Are you a good listener? My fear is that most leaders, including myself, think we are. However, the truth may be far different. I believe without constant effort a leader’s natural tendency is to not listen – or at least not listen well.
Why would our listening skills drift without focused attention? I think there are at least five reasons:
- Leaders are busy
- We’re not taught how to listen
- Many leaders are easily distracted
- There’s so much to listen to, it’s hard to focus
- Great listening is not modeled for us
So, how do we respond? Here are five ideas that may help you and me be better listeners…
Try to find a way to add value to the person you’re listening to. Often, we listen with an ear to what we want or need. That will always be part of the conversation; but to add value, we have to discern a need or an opportunity. This type of needs analysis is usually not possible without a listening ear.
Try to focus on the person – not the crowd. If you are in a meeting and someone is speaking, don’t focus on everyone in the room, just the individual. Don’t try to read the reaction of the others. Just listen to one person. Make eye contact and focus on them alone.
Repeat what you think the person is trying to communicate. This is not a new idea – but it is still powerful. When you repeat what you’ve heard, the person can clarify as needed, just in case you’ve missed something. Also, if you’re able to replay what’s been said, the person will most likely feel affirmed – they’ll know you were listening. It’s a win-win!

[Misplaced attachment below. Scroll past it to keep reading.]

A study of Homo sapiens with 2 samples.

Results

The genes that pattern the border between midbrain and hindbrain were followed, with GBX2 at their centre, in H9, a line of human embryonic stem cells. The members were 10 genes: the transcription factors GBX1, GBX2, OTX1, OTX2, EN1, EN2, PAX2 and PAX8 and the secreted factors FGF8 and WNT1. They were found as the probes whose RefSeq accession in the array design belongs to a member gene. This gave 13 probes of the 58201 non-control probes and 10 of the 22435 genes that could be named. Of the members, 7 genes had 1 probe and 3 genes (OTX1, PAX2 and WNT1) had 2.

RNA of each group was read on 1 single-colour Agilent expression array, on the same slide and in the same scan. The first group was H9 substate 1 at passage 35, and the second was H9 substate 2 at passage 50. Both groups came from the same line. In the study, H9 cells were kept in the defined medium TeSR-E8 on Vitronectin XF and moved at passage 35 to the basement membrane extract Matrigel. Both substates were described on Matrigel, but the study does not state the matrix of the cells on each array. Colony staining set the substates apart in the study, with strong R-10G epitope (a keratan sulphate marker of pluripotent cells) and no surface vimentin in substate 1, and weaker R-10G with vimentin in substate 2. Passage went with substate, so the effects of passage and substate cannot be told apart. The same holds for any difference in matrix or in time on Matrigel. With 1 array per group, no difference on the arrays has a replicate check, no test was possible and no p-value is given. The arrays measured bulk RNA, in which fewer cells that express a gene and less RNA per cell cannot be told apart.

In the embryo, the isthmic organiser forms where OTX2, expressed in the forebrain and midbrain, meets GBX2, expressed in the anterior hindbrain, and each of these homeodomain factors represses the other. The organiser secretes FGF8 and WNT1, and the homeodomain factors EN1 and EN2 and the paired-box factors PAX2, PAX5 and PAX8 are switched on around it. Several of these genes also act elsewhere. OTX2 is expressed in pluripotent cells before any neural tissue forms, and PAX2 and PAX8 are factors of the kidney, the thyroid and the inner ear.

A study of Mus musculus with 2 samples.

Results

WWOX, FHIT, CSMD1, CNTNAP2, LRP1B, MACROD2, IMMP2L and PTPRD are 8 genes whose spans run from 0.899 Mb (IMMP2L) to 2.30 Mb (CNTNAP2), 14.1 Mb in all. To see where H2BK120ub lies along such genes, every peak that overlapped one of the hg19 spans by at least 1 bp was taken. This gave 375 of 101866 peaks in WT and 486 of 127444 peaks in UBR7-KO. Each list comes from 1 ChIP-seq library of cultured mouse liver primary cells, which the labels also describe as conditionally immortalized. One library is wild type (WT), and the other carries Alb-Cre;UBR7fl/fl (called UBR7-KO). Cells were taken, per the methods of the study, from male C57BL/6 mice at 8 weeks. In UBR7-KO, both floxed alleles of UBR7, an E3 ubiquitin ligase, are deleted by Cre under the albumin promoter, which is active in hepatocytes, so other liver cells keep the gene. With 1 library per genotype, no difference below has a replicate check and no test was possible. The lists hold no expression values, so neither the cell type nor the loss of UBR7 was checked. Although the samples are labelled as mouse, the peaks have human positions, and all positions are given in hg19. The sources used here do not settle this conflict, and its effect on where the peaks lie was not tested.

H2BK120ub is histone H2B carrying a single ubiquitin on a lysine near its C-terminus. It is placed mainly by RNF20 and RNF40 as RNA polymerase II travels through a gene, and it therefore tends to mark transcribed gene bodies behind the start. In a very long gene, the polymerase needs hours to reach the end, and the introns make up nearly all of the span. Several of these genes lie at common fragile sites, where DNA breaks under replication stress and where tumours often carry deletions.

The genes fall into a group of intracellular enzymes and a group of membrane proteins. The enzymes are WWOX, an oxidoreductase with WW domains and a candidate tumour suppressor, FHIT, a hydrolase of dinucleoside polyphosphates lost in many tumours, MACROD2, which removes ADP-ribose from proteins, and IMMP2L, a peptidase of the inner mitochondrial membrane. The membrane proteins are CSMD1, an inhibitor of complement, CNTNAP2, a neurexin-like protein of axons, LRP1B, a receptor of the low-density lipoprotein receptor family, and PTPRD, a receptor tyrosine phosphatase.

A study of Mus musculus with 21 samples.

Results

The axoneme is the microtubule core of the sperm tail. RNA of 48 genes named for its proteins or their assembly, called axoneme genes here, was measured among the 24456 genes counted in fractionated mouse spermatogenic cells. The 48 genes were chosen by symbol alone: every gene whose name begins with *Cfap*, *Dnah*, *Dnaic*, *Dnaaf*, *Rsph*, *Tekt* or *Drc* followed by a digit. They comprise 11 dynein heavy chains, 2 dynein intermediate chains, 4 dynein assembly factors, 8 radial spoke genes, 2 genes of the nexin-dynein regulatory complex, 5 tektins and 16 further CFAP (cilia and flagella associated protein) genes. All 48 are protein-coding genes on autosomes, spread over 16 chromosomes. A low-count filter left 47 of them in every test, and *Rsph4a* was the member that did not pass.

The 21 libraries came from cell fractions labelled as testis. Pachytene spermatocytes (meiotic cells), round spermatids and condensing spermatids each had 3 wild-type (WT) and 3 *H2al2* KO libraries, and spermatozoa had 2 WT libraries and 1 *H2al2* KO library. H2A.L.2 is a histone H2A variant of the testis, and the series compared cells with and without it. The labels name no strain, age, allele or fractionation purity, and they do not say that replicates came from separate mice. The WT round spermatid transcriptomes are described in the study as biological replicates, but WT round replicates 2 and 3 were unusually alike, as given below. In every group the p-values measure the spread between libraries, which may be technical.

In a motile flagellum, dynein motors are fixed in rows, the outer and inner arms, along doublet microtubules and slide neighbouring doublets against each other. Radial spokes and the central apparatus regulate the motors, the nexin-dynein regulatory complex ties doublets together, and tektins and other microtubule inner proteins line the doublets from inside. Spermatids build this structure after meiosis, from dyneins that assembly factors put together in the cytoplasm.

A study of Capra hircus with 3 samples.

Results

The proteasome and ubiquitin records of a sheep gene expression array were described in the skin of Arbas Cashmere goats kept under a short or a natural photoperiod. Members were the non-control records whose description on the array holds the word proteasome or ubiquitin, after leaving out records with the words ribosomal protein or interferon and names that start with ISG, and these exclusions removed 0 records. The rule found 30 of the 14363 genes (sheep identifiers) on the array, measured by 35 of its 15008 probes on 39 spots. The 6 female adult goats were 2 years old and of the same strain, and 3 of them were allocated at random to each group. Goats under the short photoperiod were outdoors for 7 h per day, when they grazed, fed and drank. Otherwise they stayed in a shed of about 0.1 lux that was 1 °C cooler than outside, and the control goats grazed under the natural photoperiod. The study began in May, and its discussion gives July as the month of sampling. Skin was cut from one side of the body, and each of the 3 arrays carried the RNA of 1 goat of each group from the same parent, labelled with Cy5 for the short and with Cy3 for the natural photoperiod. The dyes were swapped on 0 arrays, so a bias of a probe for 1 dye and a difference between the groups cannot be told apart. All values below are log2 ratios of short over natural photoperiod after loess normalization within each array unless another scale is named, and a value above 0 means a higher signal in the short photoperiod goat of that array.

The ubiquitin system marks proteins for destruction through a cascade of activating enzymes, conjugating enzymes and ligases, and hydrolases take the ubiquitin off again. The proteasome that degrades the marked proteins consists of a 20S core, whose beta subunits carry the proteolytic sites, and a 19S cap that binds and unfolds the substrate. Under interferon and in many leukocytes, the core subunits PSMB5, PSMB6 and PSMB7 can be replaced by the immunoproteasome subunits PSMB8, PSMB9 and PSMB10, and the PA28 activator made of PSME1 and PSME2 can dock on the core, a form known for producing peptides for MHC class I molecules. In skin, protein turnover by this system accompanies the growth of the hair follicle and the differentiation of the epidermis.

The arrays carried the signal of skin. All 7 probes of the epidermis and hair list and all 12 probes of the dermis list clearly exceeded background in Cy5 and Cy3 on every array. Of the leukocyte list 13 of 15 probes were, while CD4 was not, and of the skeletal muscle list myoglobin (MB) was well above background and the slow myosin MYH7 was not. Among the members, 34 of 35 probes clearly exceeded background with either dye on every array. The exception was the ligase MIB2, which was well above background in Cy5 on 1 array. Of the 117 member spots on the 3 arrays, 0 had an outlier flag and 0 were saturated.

Don’t try to formulate your response to the other person while they are talking. After someone finishes speaking, repeat what you heard if it’s appropriate, then pause to consider your response. If it takes a moment, that’s fine. This may even signal the to the other person that you were actually listening to them.
Eliminate as many distractions as possible. We’ll always have distractions, but do all you can to eliminate as many as possible. Turn off your phone, meet off site, close your door, meet in a conference room – do what you can to eliminate noise, literally and figuratively.
The rewards of good listening are many – people feel valued, mistakes can be avoided, execution can improve, followship can be strengthened and a culture of honor, dignity and respect can be nurtured.
If you haven’t focused on your listening skills for a while, give it a try. You might be surprised what you’ll hear.[GLS_Shield]
Author: Mark Miller
Mark is a business leader, author, communicator, photographer, husband, and father. He spends his time helping leaders grow.